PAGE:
Google Chromebook by Acer. Image courtesy:
Samyak Lalit | October 18, 2013 (Last update: September 23, 2017)

Samyak Lalit is an Indian author and disability rights activist. He is the principal author and founder of projects like TechWelkin, WeCapable, Viklangta, Kavita Kosh among many others.

Google has launched Chromebook in India. Chromebooks are laptops –but of a very different concept. These nice looking machines are a huge deviation from how we see and use a conventional laptop. That’s why, in developing countries with poor to moderate Internet accessibility, these might not immediately sell like hot cakes. Let’s look at the major reasons that might concern buyers from these regions.

Price of Chromebook

In India, Chromebook is available in two screen sizes. The smaller one, manufactured by Acer, with 11.6″ inch screen, is available for about Rs. 23,000 while the bigger one from HP with 14″ inch screen is priced at around Rs. 27,000. Users of traditional computers will find a host of better options within this price range.

This price is not really cheap for a machine powered by Intel Celeron processor. The same machines are being sold for much lesser price in the US (on

Chromebook Allows only Google Chrome Browser

Google Chromebook comes pre-installed on these laptops and you can not install any other browser. So, if you are a Firefox affectionado –you’ll have no choice but to make do with Chrome.

Google Chromebook by Acer. Image courtesy:

Google Chromebook by Acer. Image courtesy:

Common Use Software are also not Allowed

You also can not install any other software on these machines! Very popular software like Adobe Photoshop and Microsoft Office can not be installed. All you have for your regular office work is Google Docs and various extensions for Chrome.

No Hard Disk in Chromebook!

Google Chromebooks are designed to store all the user data in Google Drive. There is no internal hard disk –so you can not save data locally. USB ports are, however, provided and you can use pen-drives to store files locally but no hard disk.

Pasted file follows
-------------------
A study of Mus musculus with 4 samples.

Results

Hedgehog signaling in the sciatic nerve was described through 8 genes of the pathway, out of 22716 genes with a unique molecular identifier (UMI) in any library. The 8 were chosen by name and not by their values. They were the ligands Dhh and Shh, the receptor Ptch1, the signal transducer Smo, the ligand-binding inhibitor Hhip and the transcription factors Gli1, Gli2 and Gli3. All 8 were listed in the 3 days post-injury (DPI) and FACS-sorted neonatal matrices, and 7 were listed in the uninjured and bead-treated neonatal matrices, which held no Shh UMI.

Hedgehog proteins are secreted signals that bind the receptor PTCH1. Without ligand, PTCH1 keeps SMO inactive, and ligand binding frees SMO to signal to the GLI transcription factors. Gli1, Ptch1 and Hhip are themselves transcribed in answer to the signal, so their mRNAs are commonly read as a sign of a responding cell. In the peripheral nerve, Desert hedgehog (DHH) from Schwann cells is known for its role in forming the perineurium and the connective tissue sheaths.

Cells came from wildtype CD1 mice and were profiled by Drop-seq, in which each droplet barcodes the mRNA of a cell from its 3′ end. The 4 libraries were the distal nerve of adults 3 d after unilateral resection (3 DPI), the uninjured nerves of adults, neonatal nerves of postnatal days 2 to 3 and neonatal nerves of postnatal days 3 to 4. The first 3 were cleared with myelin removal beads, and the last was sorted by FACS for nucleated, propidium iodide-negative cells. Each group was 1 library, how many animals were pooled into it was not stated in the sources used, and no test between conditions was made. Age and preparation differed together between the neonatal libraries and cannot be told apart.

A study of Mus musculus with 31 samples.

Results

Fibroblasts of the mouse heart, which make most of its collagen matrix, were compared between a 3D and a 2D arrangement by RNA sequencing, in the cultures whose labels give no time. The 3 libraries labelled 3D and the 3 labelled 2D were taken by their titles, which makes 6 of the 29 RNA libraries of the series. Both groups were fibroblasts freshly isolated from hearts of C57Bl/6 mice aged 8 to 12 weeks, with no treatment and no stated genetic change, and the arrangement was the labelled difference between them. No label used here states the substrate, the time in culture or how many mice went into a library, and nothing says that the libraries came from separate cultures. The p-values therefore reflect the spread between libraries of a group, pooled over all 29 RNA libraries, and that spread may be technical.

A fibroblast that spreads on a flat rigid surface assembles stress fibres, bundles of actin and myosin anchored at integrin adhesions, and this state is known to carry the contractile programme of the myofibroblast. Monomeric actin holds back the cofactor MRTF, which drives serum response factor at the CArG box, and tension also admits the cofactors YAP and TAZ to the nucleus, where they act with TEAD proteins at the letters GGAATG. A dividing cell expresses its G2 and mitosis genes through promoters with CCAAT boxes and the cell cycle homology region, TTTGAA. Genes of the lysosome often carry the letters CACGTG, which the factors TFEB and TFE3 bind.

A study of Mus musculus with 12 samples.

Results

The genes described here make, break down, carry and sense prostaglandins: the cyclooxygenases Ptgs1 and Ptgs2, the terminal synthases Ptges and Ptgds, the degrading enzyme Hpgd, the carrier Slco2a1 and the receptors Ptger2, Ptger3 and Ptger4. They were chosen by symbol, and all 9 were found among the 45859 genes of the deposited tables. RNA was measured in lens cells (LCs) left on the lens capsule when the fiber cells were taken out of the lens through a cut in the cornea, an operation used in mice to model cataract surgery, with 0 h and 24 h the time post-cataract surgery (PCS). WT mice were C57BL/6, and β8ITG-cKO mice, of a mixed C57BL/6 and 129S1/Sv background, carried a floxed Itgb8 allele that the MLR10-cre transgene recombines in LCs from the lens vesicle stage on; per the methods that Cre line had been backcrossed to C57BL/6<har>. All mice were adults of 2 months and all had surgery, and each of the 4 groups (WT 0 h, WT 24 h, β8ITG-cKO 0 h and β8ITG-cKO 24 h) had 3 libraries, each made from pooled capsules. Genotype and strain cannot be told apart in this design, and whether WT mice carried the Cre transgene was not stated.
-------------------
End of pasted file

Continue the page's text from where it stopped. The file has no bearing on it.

As Google is promoting cloud-based storage, with these laptops Google gives you 100GB of space on Google Drive free of cost. But this space is given only for two years and after that you’ll have to pay for it. This space costs over $100.

No CD/DVD Drive Available

Forget about playing your favorite movie from a DVD in Chromebook. There is no DVD drive available. Although you can attach external hard drive to UBS port but compatibility may be an issue. One will have to try and find what external hardware will work with Chromebook.

No Direct Printing

You may find it hard to digest but you can not directly connect a printer to your Chromebook and take printouts. You’ll have to route printouts through Google Cloud Print. Although there are some advantages of this mechanism but for a conventional user –not being able to print directly to a printer is almost preposterous!


With no Bluetooth and no streaming audio, Google Chromebook essentially does not have anything that might be of taste to a traditional computer user. Chromebook requires Internet connection for virtually everything –in a country like India where Internet still has umpteen number of corners to reach –Google Chromebook might not be a good buy. In contrast, however, places where Internet connectivity is easily available everywhere –Google Chromebook is an exciting new concept that should be tried out. But for most Indian users –Chromebook is a futuristic product that has come before its time.

I hope it was useful for you. Please feel free to ask if you have any questions on this topic. I will be happy to try and help you. Thank you for using TechWelkin.


One response to “Google Chromebook: Must Know Things Before You Buy One”

  1. Jim Morton says:

    As someone who uses his laptop almost exclusively for writing with Google Docs, the Chromebook is just about perfect. But when people ask me if they should get one, I always ask what they plan to use it for first. Much of the functionality of any other laptop is available through the Chrome Store, but if you have to work with specific software, I’d say, no, don’t get one.